But first, some context and a walk down memory lane.

Rising Numbers of Multigenerational Households

As AdAge notes,

Today 49 million Americans — more than one in six people in the U.S. — live in households with three or more generations, according to the Pew Research Center. The percentage is even higher for age groups 25-to-34 and 65 and older, where one in five, or 20%, live in these extended families.


While much of the increase in multigenerational households can be attributed to the recession, there is also an increased appreciation for the value of family. I grew up with my grandmothers living with us for a combined 10 years.  I know how much I benefited from their involvement in my life. From playing games … to hearing the same stories again and again … to having people who had the time and desire to focus all their energies on a child … to learning to be patient and help my elders … Growing up in a multigenerational household was a gift.

A Trend Already Impacting Age-Qualified Communities

Creating Results has marketed 52 active adult and age-qualified communities in 12 states over the course of 10+ years.  At first the communities were marketed to empty nesters and the vast majority of people who lived in the community were in their 50-70s (Baby Boomers and Silent Generation). Gradually, we began to see parents moving in with their adult children. These moves were prior to the economic downturn and were motivated by a desire to be with family.

Of course, the introduction of people in their 70s-90s had programing implications for our clients’ Lifestyle Directors.  How to make these new residents feel welcome? How to accommodate the desires of these older residents to stay active, even though they frequently had more limited mobility than younger residents?  Lifestyle Directors introduced a new set of fitness activities, outings and social opportunities.

Then, we began to see the younger adult children of older Boomers and Silent Generation residents moving into the age-qualified communities in greater numbers. Previously, it had been a rare exception for a 20- or 30- something to live in the community for anything longer than a temporary basis. But now, these young adults were moving in.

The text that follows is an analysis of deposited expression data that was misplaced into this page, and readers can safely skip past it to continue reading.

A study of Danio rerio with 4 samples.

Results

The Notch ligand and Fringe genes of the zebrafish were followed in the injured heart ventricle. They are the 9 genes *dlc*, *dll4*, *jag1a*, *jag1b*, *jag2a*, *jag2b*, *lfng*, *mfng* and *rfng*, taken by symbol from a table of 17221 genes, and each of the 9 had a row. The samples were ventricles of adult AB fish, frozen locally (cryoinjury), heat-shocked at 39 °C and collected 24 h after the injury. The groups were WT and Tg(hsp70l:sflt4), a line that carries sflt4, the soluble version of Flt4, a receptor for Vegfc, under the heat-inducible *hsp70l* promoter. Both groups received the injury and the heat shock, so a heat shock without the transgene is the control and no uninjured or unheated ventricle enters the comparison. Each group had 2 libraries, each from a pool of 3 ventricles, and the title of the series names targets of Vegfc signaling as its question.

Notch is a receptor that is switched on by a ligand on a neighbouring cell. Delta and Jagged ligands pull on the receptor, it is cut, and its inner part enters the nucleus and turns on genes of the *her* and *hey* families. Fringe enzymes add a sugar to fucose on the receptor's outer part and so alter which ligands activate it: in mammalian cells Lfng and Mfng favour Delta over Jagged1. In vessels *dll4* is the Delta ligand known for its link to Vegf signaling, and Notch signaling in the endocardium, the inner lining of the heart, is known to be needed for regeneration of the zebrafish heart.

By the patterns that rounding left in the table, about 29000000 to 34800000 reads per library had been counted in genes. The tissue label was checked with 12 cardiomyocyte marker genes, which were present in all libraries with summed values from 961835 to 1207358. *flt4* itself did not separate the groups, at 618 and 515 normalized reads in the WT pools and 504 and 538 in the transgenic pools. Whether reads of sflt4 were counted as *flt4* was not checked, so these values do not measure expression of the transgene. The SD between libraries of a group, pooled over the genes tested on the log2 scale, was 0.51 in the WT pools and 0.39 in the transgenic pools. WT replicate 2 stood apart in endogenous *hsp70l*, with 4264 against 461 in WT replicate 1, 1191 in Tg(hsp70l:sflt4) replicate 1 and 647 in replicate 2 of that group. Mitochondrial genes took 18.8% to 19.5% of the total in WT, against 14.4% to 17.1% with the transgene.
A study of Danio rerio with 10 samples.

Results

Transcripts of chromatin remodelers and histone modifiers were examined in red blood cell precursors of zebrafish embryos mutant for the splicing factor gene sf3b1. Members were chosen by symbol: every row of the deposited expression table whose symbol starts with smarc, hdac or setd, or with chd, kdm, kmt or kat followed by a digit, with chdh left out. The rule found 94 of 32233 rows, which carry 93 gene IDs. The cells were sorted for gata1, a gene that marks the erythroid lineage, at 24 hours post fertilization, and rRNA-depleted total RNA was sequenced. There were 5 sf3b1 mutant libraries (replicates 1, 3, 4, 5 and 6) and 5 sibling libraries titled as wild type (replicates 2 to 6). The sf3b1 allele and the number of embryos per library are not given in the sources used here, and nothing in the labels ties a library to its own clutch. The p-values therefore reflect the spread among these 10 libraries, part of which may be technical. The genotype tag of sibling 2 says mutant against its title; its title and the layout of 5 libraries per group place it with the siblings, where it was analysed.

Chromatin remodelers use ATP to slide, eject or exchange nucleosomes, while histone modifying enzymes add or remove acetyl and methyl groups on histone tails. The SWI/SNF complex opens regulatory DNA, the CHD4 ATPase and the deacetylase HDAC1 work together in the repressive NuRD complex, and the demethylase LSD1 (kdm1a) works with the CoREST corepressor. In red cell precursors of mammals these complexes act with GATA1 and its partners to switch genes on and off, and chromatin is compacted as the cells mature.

Part of this trend was motivated by the strong value that active adult communities offered even as the real estate market appreciated beyond reason. Parents and their adult (and childless) children purchased homes together and began requesting dual owner suites. It was a small percentage, 6 – 14%, but significant enough to cause changes to product design and programing. Interestingly, this percentage is quite similar to the percentage of multigenerational households in the country as reported by the Pew Research Center.

cp_ad3REV_whtMany members of the Baby Boomer or Silent Generations are grandparents.  While children are restricted from being permanent residents at an active adult community, a growing reality is that the grandparents are providing the majority of childcare.  One of our clients – Central Parke at Victoria Falls – responded with special activities for grandchildren in recognition of the number of grandchildren who frequented the community.  We also responded with advertising that reflected the extended family.

As multigenerational households have evolved and grown in number, we’ve seen that the marketing, programming and design of communities have been impacted.

What has your experience been?  Do you see this trend as a threat or opportunity for 50+ communities as they exist today?

About The Author

Todd Harff

Insights from agency Founder Todd Harff have been shared in Brand Week, Ad Age, Marketing Charts, The Wall Street Journal, The Journal on Active Aging, 50+ Magazine, and Selling to Seniors and from podiums at international conferences. He is the co-author of three national studies/eBooks (Photo Finish; Social, Silver Surfers 2010 & 2013). Todd also developed programs on marketing to Baby Boomers and seniors for George Mason University, Lasell College/ E.L.D.E.R. and NAHB’s University of Housing.